Walking is the new wonder drug, we tell the Senate

GCC Executive Director Clifford Maynes tells the Senate walking is a wonder drug.

GCC Executive Director Clifford Maynes tells the Senate walking is a wonder drug.

Re-engineering everyday walking into our lives should be a leading national strategy for fighting obesity and inactivity-related health problems.

This message came through loud and clear from Green Communities Canada in recent testimony to the Senate Committee on Social Affairs, Science and Technology. (See video.) The Committee has been asked to report on obesity “causes, consequences and the way forward.”

GCC’s Clifford Maynes told the Committee that creating a culture of walking is a great way – likely the only way – to achieve a sustained increase in daily physical activity at a population scale. A national walking strategy with participation by all levels of government would benefit not just individuals, but the entire nation.

Walking is already Canada’s favourite activity, which is a great place to start. Virtually everyone can walk, anywhere, anytime, Maynes said.

It is the activity we are least likely to abandon as we age, and it is open to people of all incomes, without the need for memberships or special equipment.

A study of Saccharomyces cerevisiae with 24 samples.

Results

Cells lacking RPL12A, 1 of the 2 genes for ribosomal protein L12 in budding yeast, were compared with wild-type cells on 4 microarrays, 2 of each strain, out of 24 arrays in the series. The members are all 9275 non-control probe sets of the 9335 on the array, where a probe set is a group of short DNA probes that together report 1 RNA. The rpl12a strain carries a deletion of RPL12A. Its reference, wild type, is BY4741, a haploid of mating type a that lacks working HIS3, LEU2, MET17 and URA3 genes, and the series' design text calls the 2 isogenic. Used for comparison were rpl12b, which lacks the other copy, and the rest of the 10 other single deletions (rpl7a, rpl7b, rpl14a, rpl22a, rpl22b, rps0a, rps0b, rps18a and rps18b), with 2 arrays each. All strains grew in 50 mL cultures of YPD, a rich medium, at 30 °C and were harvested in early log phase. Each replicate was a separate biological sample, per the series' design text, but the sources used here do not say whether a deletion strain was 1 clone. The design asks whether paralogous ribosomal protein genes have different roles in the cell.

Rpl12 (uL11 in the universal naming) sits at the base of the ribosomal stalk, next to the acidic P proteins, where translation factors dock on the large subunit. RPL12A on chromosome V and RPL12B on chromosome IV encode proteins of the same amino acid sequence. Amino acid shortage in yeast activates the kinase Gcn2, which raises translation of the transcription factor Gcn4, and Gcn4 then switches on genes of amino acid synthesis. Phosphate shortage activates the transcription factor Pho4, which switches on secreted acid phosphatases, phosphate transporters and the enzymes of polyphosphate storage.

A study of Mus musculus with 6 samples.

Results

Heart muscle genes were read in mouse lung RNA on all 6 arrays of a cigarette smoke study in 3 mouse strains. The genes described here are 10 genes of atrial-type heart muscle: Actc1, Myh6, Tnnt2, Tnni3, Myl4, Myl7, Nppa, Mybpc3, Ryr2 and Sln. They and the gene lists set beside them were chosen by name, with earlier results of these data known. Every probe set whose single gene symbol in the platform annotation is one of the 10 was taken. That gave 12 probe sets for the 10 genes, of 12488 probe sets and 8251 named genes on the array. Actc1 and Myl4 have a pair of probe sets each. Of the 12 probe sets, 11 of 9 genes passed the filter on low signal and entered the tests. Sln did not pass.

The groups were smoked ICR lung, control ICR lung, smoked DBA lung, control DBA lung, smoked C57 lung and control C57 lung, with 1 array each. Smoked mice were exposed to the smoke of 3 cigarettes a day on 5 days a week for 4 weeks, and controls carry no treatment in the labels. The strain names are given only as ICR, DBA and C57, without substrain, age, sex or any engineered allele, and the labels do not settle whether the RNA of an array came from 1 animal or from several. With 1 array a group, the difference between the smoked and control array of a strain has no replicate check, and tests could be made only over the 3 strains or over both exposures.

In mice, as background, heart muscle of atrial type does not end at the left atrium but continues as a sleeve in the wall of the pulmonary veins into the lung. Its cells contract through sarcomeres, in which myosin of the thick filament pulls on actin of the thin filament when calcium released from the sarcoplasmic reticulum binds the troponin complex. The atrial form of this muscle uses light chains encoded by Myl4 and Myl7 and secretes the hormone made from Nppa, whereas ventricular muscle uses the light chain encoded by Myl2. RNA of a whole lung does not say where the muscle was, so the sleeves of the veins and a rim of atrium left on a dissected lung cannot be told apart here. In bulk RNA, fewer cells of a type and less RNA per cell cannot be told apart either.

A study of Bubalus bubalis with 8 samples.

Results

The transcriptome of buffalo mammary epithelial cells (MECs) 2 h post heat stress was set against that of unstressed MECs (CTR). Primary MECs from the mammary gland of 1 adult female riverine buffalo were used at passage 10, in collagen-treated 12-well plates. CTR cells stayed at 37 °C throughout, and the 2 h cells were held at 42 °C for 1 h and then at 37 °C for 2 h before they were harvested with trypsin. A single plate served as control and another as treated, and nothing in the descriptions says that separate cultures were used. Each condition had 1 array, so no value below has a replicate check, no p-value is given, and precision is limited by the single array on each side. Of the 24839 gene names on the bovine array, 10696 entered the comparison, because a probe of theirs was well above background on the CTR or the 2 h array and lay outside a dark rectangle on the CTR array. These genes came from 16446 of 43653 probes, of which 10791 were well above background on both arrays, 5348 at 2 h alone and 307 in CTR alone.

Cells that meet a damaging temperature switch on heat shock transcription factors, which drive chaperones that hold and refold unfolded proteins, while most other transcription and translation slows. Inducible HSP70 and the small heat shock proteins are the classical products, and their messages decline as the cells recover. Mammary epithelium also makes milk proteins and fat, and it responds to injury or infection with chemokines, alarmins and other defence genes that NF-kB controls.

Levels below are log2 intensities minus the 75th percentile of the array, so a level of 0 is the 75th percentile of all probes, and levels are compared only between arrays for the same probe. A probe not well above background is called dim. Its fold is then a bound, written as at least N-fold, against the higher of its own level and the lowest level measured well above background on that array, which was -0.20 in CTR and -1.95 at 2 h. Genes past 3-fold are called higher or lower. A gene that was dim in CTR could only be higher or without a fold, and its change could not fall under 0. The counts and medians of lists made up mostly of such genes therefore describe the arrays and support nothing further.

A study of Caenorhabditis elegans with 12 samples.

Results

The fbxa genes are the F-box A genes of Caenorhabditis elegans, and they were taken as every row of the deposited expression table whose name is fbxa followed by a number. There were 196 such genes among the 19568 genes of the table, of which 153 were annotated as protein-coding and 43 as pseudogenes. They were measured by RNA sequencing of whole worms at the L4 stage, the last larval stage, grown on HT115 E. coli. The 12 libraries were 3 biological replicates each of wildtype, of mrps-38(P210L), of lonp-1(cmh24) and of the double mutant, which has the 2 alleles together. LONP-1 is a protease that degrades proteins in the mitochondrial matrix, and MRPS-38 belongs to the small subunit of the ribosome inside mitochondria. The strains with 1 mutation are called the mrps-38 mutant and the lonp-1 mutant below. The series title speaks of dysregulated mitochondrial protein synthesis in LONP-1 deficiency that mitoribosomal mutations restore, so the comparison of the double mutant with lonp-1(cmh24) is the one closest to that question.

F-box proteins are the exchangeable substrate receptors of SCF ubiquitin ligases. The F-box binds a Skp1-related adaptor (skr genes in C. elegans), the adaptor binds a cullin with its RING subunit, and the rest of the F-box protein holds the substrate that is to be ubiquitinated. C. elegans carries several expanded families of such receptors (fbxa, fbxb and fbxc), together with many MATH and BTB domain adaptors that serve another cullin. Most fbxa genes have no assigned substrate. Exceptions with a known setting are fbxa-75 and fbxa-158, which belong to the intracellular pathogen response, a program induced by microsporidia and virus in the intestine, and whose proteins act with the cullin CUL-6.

Maynes told the Committee that routine everyday walking for transportation has been engineered out of our lives over the past half century or more, largely because the needs of walkers have been ignored.

In addition to promoting the documented health benefits of walking – and they are legion – we need to change our communities so that walking once again becomes safe, convenient, fun and attractive.

Build it and they will come.

Green Communities has long been a national leader in promoting walking and walkable communities through our Canada Walks division, led by director Jacky Kennedy.

Canada Walks provides guidance on all the steps communities need to take to improve walkability – like safe road crossings, connected and lively sidewalks, walkable destinations, shade and shelter, safety enforcement, and much more.

A program of Canada Walks, the WALK Friendly Community designation, includes over 200 questions about local action to increase walkability. Municipalities are awarded designations at the bronze, silver, gold, and platinum levels for making real progress.

The Senate Committee likely will report some time after the fall election.